MISSIONS

Mission Basics

Jason-3 Anticipated Launch: 2015

OSTM/Jason-2
Launched: June 20, 2008

OSTM/Jason-2 - The Ocean Surface Topography Mission on the Jason-2 satellite, is a follow-on to Jason-1. It takes oceanographic studies of sea surface height into an operational mode for continued climate forecasting research and science and industrial applications.

Jason-1
Launched: December 7, 2001, Decommissioned: July 2013.

Jason-1 continued the task of providing the important oceanographic data time-series originated by TOPEX/Poseidon, carrying updated versions of the same instruments. It flew in tandem with TOPEX/Poseidon for 5 years. (See the Tandem Mission Flash animation for more details).

TOPEX/Poseidon
Launched: August 10, 1992, Decommissioned: January 2006.

TOPEX/Poseidon data has revolutionized the way the global ocean is studied. For the first time, the seasonal cycle and other temporal variabilities of the ocean were determined globally with high accuracy, yielding fundamentally important information for testing ocean circulation models. Major observations were made using TOPEX/Poseidon data on

  • Oceanic circulation including details on the movement of Rossby and Kelvin waves
  • Oceanic and coastal tides
  • El Niño, La Niña, and the Pacific Decadal Oscillation
  • El Niño-like circulation in the Atlantic Ocean
  • Oceanic seasons in the Mediterranean
  • Ocean floor topography from surface data used to refine the geoid model


GRACE
Launched: March 17, 2002

GRACE - Gravity Recovery and Climate Experiment, is flying two identical spacecraft about 220 kilometers apart in a 500-kilometer elevation polar orbit producing monthly maps of the geoid. The geoid is a hypothetical surface of the Earth that is coincident with mean sea level. It is perpendicular, at every point, to Earth’s gravity. It is the basic surface on which all altimetry data is based.

SWOT
Anticipated Launched: 2020



Mission Details

TOPEX/Poseidon launch image
TOPEX/Poseidon Launch
The agreement in 1987 between CNES and NASA to join resources and expertise on the TOPEX/Poseidon project culminated 20 years of development into using a spaceborne radar altimeter to measure ocean-surface topography.

TOPEX/Poseidon was launched August 10, 1992 from the ESA launch facility at Kourou, French Guiana, aboard an Ariane 42P launch vehicle. TOPEX/Poseidon data revolutionized the way the global ocean is studied. For the first time, the seasonal cycle and other temporal variabilities of the ocean were determined globally with high accuracy, yielding fundamentally important information for testing ocean circulation models. Many major observations were made using TOPEX/Poseidon data.

Recognizing the importance of continuing ocean surface topography measurement, NASA and CNES approved Jason-1 as a joint follow-on to TOPEX/Poseidon. Many years of scientific discovery by TOPEX/Poseidon have broadened its original list of science objectives.

Jason-1 launch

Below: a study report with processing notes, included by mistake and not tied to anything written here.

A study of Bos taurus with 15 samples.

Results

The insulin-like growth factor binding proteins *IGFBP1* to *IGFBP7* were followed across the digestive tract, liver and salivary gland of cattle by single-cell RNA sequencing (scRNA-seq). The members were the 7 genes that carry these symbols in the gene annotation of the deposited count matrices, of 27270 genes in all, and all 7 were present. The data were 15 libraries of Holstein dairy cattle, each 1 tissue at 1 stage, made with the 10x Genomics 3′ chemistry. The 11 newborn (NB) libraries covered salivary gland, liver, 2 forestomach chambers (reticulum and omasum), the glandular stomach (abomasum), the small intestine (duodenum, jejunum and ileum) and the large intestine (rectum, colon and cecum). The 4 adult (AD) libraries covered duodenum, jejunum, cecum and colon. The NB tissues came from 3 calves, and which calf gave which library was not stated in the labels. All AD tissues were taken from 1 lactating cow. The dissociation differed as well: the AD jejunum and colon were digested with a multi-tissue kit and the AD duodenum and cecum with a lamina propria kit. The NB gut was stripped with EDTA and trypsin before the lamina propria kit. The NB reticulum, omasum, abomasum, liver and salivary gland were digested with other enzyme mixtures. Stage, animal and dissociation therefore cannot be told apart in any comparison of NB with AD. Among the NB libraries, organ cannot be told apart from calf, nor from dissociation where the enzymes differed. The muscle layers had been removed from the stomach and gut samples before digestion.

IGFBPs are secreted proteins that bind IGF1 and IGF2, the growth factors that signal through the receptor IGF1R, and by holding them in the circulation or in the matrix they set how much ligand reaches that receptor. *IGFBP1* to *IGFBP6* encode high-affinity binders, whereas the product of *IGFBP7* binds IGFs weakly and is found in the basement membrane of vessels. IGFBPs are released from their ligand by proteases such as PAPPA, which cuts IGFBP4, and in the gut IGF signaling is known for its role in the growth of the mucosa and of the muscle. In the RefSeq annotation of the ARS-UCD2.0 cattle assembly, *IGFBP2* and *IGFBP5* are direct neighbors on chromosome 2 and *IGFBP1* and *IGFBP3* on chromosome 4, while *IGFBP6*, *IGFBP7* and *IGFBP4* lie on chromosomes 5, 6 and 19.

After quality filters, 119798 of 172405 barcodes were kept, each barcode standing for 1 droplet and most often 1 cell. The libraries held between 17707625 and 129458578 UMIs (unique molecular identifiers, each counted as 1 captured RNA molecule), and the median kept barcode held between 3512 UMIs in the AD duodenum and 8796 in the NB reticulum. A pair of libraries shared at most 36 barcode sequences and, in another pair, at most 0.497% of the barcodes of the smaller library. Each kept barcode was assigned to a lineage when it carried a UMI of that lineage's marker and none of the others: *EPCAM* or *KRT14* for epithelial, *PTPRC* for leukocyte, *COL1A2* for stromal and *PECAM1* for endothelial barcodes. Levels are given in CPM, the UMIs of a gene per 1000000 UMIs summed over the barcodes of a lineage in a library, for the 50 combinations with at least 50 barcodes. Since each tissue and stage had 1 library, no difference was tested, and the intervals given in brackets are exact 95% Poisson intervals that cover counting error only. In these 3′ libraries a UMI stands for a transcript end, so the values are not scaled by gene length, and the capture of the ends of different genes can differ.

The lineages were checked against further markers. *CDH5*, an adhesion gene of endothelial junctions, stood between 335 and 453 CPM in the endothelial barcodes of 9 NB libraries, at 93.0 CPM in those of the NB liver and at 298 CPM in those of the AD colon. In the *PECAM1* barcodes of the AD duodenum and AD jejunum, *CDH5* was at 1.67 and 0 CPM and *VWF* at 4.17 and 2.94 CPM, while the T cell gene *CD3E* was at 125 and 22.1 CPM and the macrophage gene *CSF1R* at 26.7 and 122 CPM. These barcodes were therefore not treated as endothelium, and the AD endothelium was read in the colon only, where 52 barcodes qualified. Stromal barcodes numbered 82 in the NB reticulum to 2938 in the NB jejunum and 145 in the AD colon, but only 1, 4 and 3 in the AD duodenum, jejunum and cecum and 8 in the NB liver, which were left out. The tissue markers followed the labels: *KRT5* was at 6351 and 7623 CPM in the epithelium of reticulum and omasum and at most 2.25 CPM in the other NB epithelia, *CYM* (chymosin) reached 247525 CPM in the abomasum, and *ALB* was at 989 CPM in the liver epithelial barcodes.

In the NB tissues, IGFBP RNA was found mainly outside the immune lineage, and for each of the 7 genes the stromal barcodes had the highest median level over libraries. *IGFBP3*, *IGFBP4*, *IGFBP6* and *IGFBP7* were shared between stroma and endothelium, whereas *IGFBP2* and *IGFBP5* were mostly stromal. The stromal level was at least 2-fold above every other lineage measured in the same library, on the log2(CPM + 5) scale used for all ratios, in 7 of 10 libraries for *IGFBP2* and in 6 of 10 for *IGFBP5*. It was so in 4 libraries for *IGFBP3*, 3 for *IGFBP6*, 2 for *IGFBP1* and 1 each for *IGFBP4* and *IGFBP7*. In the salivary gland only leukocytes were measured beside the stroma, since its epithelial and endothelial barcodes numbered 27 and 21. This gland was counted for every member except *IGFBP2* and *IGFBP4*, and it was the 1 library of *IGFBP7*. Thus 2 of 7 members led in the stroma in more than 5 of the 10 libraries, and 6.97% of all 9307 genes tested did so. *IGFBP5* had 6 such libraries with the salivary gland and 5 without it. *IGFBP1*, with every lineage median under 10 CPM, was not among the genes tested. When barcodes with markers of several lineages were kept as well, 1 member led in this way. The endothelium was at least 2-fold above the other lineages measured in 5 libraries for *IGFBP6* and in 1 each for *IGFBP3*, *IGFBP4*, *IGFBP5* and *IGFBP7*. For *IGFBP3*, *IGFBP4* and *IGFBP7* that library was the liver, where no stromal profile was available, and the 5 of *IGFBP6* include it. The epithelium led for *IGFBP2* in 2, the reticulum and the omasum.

Jason-1 Launch
Jason-1 flew as a joint NASA/CNES follow-on to TOPEX/Poseidon. OSTM/Jason-2 is a joint NASA/CNES/NOAA/Eumetsat mission, launched as a follow-on to Jason-1. Each of the spacecraft carry 5 similar or identical instruments. On OSTM/Jason-2, the CNES-supplied spacecraft carries the payload of five instruments: the POSEIDON-3 dual frequency altimeter, the mission's main instrument which measures altitude; the Advanced Microwave Radiometer (AMR) to measure perturbations due to atmospheric water vapor; and the three location-finding systems: the DORIS Doppler orbitography beacon, the laser retroreflector array (LRA), and the Global Positioning System Payload (GPSP). These instruments are designed to provide measurements for at least 5 years. Jason-1 and OSTM/Jason-2 were launched from Vandenberg AFB aboard NASA-supplied Delta rockets, Jason-1 on December 7, 2001, and OSTM/Jason-2 on June 20, 2008.

After TOPEX/Poseidon was decommissioned in January 2006, for the next 11-1/2 years, Jason-1 continued the task of providing the important oceanographic data time-series originated by its predecessor. Jason-1 was decommissioned in July 2013, and now OSTM/Jason-2 continues this important data into the third decade.

OSTM/Jason-2 is integrated into numerous international climate-study programs, provides near real-time data access, and marks the beginning of the operational era of collecting these critical oceanographic parameters. The next in the altimeter series, Jason-3, is planned for launch in 2015.



Where are they now?

Where is it now - screen shot
Where are they now?
Have you ever looked up in the night sky to see a satellite? Have you wondered what satellite it was? Maybe it was OSTM/Jason-2. You can find out! See where OSTM/Jason-2 is right now.

To find out when you can view this satellite from your area, go to Heavens-Above and follow the directions below.

  1. Under Configuration, and “Current observing site”, select your location from their map or database. If you want to enter your coordinates manually, follow the instructions on the link, “edit manually”.
  2. Read the instructions and enter your town or village.
  3. If a list of towns are returned, select the correct one.
  4. Under Satellites, choose "Select a satellite from the database."
  5. In the Satellite Name: field enter jason for the Jason-1 satellite, or jason 2 (no dash) for OSTM/Jason-2.
  6. From the Satellite Search Results list, select the satellite.
  7. In the upper right of the page, select Passes to see when you can view the satellite from your location.